US Airways blames legacy systems for self-service problems

US Airways has said legacy systems were partly to blame for a glitch in its self-service kiosk system that led to long queues and delayed flights earlier this month.


The glitch was tied to the integration of reservation systems with America West Airlines. US Airways was using a system from Sabre Airline Solutions, while America West was using Electronic Data Systems' Shared Airline Reservations System (Shares). The two airlines, which merged in 2005, are now operating on the Shares system.

In an email, Travis Christ, US Airways’ vice-president, sales and marketing, told the airlines frequent fliers: "When we transferred the 7 million reservations from one system to the other, approximately 1.5 million of them didn't 'sync up' correctly, and our agents had to hand-process each reservation.

"Many systems that were otherwise ready to go became bogged down with these reservations. We've since whittled the number of 'out of sync' reservations to a very small number."

He explained that most airline computer systems were built on legacy mainframe systems from the 1960s and 1970s. These systems were deeply embedded in reservations, flight operations, airport operations and accounting applications.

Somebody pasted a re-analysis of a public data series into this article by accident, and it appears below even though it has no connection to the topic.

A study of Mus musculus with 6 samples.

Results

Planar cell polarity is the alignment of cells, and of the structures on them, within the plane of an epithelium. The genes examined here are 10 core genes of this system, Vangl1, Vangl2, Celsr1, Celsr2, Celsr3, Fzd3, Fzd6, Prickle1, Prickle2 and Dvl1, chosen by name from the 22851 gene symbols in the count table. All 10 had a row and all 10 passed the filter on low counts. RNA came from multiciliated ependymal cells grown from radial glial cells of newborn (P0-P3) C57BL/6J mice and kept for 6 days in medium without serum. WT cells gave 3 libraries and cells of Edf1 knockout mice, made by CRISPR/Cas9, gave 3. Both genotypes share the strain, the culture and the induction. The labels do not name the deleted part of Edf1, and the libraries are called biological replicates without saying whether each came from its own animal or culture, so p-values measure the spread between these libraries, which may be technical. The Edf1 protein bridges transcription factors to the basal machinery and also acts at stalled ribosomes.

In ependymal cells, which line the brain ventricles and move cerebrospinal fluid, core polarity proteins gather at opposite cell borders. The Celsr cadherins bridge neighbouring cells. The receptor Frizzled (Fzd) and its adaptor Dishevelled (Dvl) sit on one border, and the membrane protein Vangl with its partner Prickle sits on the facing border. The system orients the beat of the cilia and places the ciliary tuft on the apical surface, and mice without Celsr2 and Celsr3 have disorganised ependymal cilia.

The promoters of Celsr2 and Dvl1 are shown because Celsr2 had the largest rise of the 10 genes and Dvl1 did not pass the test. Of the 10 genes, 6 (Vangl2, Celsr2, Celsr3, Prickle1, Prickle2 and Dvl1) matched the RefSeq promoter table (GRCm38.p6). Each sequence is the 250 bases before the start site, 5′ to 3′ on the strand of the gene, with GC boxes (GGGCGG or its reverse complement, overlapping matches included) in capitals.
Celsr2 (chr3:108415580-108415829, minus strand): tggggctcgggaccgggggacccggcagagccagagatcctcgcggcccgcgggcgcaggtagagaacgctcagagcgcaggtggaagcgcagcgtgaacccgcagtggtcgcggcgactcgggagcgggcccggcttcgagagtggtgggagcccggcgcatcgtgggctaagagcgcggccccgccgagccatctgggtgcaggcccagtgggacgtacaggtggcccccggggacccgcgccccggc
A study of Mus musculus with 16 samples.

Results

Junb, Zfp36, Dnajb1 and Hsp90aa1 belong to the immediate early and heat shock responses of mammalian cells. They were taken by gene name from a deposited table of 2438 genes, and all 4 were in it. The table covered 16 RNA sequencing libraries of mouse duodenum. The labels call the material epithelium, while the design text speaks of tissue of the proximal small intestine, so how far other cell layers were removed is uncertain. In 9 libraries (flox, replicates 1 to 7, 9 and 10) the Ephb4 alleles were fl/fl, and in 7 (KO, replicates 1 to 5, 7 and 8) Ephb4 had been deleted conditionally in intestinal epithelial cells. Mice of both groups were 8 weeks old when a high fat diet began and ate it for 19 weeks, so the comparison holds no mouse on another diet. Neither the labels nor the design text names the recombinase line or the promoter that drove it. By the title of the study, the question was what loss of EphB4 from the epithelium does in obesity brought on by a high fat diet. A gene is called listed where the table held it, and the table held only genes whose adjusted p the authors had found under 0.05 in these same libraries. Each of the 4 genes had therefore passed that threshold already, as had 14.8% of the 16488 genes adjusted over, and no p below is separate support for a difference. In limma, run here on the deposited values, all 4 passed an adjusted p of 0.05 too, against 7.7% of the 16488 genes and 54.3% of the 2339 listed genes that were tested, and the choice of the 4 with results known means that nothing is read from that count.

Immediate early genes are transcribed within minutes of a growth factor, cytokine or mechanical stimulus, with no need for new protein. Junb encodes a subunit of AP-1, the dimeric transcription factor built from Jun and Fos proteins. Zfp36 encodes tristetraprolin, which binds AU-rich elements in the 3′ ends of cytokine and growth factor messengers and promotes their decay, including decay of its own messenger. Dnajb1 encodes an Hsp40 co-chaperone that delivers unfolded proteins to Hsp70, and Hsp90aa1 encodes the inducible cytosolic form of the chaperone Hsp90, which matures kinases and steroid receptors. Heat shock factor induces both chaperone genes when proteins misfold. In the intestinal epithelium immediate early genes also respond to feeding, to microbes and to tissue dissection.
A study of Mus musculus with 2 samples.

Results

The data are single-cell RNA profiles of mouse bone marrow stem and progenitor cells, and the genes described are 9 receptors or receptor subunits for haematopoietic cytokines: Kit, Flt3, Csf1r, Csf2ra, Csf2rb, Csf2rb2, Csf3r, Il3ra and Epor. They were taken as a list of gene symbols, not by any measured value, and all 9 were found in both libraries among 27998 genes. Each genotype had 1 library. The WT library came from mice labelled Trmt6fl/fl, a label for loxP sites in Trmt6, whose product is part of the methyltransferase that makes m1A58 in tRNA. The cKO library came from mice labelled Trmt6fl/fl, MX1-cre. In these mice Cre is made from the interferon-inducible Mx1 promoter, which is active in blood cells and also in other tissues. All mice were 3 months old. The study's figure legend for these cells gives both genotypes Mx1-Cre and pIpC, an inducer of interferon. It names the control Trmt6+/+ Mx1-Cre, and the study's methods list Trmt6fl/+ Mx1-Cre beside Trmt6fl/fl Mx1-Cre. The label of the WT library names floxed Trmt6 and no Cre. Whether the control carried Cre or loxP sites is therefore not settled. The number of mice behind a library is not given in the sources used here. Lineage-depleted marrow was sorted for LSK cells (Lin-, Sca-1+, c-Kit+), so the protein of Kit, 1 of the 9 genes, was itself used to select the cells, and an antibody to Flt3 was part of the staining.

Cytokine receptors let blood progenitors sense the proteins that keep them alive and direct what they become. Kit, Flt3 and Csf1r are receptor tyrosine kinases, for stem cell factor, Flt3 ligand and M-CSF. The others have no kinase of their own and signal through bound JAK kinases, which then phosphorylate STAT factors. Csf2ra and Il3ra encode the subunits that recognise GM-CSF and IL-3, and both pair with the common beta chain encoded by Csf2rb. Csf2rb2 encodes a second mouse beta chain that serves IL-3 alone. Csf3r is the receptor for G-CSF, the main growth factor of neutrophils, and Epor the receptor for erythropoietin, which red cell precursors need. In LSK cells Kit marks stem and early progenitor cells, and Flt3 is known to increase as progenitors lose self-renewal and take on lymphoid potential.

"They are very reliable, but very inflexible. As our business changes, it's as though we're fighting with one hand tied behind our back," he said in the e-mail to customers told the frequent fliers.

In the interview, Christ said these legacy systems were revolutionary at the time they were built, replacing reservations held on a card index. Then came air-travel software systems such as Sabre, which coincided with the deregulation of the airline industry and the rapid growth of the business.

But as more modern web-based systems were introduced and the level of expectations of the technology changed from a business to a customer perspective, it became clear the legacy systems were nearing the end of their useful lives, he added.